How about writing a column,” comes the suggestion. “That’s a good idea,” thinks I. “What could it be about?” continues the internal dialogue. But before I can board that particular train of thought, the horror dawns on me that I’ll have to actually come up with ideas on a weekly, monthly or however often I decide to do this gig for basis.
This is one of my main problems – effort and I have a tense relationship at the best of times. I have a lot of good ideas circling in my head (I’ll leave you to be the judge of whether this is a good one or not) but a lot of them, nay all of them, involve me actually, you know, doing stuff.
Hence my life is filled with half-baked schemes, whether it be that great novel I never quite got round to finishing (or properly starting, if I’m honest), the film script that’s just waiting for me to polish it off before the Hollywood A-listers fight over who gets to star in it and numerous other job searches, books to read and even relationships.
So I start to brainstorm about what topics I could cover. However, something online catches my eye and before I know, I’m dragged into watching a video of the Japanese tsunami earlier in this year. While that may seem a morbid past-time, it was a fascinating video, taken at ground level from the relative safety of a car as the water first struck.
“Any ideas yet?” comes the internal dialogue in my head.
“Of course there’s not, it’s only been 10 minutes since I started thinking of what to write,” responds the other side of my brain.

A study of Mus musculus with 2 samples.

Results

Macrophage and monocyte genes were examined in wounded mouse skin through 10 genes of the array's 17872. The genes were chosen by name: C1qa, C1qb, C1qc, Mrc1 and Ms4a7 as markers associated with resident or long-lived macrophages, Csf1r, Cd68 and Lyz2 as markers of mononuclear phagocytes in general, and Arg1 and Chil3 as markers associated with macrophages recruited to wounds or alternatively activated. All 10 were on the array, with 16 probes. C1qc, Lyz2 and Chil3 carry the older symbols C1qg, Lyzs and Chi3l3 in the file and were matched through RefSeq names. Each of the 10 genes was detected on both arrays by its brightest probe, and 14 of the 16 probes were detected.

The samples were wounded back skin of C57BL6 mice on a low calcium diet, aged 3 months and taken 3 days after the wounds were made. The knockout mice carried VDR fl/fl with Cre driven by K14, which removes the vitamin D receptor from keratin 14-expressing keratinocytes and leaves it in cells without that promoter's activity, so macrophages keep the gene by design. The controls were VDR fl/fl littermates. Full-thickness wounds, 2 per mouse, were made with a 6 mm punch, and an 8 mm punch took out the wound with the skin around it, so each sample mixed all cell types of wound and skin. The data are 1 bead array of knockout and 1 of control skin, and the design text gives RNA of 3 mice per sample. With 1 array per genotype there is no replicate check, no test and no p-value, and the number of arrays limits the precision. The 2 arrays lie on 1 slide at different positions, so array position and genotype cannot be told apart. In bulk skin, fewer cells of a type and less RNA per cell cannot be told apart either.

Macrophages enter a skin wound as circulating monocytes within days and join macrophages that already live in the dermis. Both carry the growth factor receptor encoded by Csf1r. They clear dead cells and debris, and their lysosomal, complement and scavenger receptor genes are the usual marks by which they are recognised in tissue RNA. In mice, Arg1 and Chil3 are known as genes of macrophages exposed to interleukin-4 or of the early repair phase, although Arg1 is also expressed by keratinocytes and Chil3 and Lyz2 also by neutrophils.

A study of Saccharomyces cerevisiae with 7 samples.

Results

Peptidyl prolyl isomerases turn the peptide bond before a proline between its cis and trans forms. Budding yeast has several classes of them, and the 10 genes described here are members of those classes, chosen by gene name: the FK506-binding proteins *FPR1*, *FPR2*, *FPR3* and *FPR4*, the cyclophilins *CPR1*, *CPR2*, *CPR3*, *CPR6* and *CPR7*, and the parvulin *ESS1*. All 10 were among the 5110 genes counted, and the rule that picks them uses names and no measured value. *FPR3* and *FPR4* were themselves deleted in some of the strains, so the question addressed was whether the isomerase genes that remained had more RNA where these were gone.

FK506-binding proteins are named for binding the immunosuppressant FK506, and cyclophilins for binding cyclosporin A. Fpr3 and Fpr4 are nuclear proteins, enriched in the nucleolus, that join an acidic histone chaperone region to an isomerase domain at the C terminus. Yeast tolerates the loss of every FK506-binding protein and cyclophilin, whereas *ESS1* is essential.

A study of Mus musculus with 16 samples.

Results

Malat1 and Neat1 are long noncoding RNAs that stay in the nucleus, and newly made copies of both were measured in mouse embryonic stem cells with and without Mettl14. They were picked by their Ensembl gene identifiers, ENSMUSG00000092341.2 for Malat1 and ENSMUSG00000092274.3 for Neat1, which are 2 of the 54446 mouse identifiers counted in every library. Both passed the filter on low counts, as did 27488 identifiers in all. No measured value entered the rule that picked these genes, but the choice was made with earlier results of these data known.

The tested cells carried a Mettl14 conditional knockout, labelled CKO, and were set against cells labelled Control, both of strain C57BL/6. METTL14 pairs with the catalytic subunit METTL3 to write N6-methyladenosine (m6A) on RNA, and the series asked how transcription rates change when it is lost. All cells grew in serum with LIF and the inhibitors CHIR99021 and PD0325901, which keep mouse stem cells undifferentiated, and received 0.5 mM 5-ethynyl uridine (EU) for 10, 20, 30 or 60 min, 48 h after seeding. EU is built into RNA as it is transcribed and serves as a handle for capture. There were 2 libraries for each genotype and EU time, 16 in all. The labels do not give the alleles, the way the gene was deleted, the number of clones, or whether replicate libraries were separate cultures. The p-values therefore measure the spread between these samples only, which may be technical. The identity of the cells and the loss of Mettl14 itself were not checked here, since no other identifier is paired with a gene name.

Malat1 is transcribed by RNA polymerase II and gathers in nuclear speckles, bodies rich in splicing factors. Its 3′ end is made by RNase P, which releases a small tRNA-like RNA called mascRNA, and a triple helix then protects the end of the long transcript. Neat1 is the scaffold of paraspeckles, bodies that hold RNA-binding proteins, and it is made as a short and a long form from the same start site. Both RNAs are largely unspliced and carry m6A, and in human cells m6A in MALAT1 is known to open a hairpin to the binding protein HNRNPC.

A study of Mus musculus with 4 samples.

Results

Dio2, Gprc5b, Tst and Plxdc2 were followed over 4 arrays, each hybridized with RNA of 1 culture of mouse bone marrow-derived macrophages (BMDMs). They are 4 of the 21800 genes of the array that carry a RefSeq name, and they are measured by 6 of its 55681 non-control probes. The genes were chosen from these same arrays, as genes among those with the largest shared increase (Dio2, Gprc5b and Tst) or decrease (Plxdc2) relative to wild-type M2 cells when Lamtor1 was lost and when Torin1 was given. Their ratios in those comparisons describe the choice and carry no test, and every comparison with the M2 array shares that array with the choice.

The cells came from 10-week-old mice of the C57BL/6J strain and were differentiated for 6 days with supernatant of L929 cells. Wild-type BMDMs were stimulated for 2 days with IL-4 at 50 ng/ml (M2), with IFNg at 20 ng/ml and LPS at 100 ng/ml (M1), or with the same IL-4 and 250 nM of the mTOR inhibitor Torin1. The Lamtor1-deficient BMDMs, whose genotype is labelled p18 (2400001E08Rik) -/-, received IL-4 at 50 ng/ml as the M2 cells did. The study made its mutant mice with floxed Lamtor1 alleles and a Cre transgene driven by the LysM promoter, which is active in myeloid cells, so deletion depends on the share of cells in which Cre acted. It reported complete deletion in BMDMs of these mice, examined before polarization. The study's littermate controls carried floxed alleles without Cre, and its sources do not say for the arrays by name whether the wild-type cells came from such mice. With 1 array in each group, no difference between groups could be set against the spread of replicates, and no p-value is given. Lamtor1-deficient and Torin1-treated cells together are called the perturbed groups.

‘Japanese restaurant has monkey waiters that wear doll masks,’ adds a third stream, once again reading a link that has popped up on a social networking site.
Too late, I have to click into it and be equally intrigued/horrified. As much as I really want to see two-foot tall primates with fixed expressions, I know deep down I’m just using it as another excuse to put off finding something to write about.
What is laziness anyway? If I don’t want to get out of my bed in the morning and rush to work, does it make me a bad person? I’m hardly Pol Pot over here just because I’m taking my time in my scratcher.
And what does it say about my life that I’m more interested in how monkeys cope with a large drinks order and requests to hold the mayo than expressing what’s on my mind?
This column writing started off as light and fluffy, intended in good humour, and now it’s a rumination on life, love and everything. It’s like therapy but without the sky-high costs and revelation that I secretly want to marry my mother. In fact, come to think of it, I wouldn’t even bother with therapy – way too much time and effort involved.
One of the main problems with not wanting to do anything that takes you out of your immediate comfort sphere is that it’s a slippery slope to not doing anything that requires even a modicum of effort. Ironically, the term used is snowballing, which conjures up all sorts of images of rapidly moving downhill, gaining speed as you go.
When in reality, the only comparison to a snowball is the round shape you slowly become as you give up on anything that causes you to break out in a sweat, mentally or physically.
“So what’s it going to be about then?” comes the internal question again, sounding even more irritated now.
“A stream of consciousness and random observations,” the other part hits back with.
“Like Seinfeld?” goes the retort.
“Oh sure, if you’re going to compare a column by someone who’s never written one before and isn’t quite sure what he’s doing, then you may as well compare it to one of the biggest televisions shows of all-time,” I say to myself, resigned to my fate.
So that is what it became. Much like the show about nothing, this is the column about nothing.
Well, when I can be bothered to write it, that is.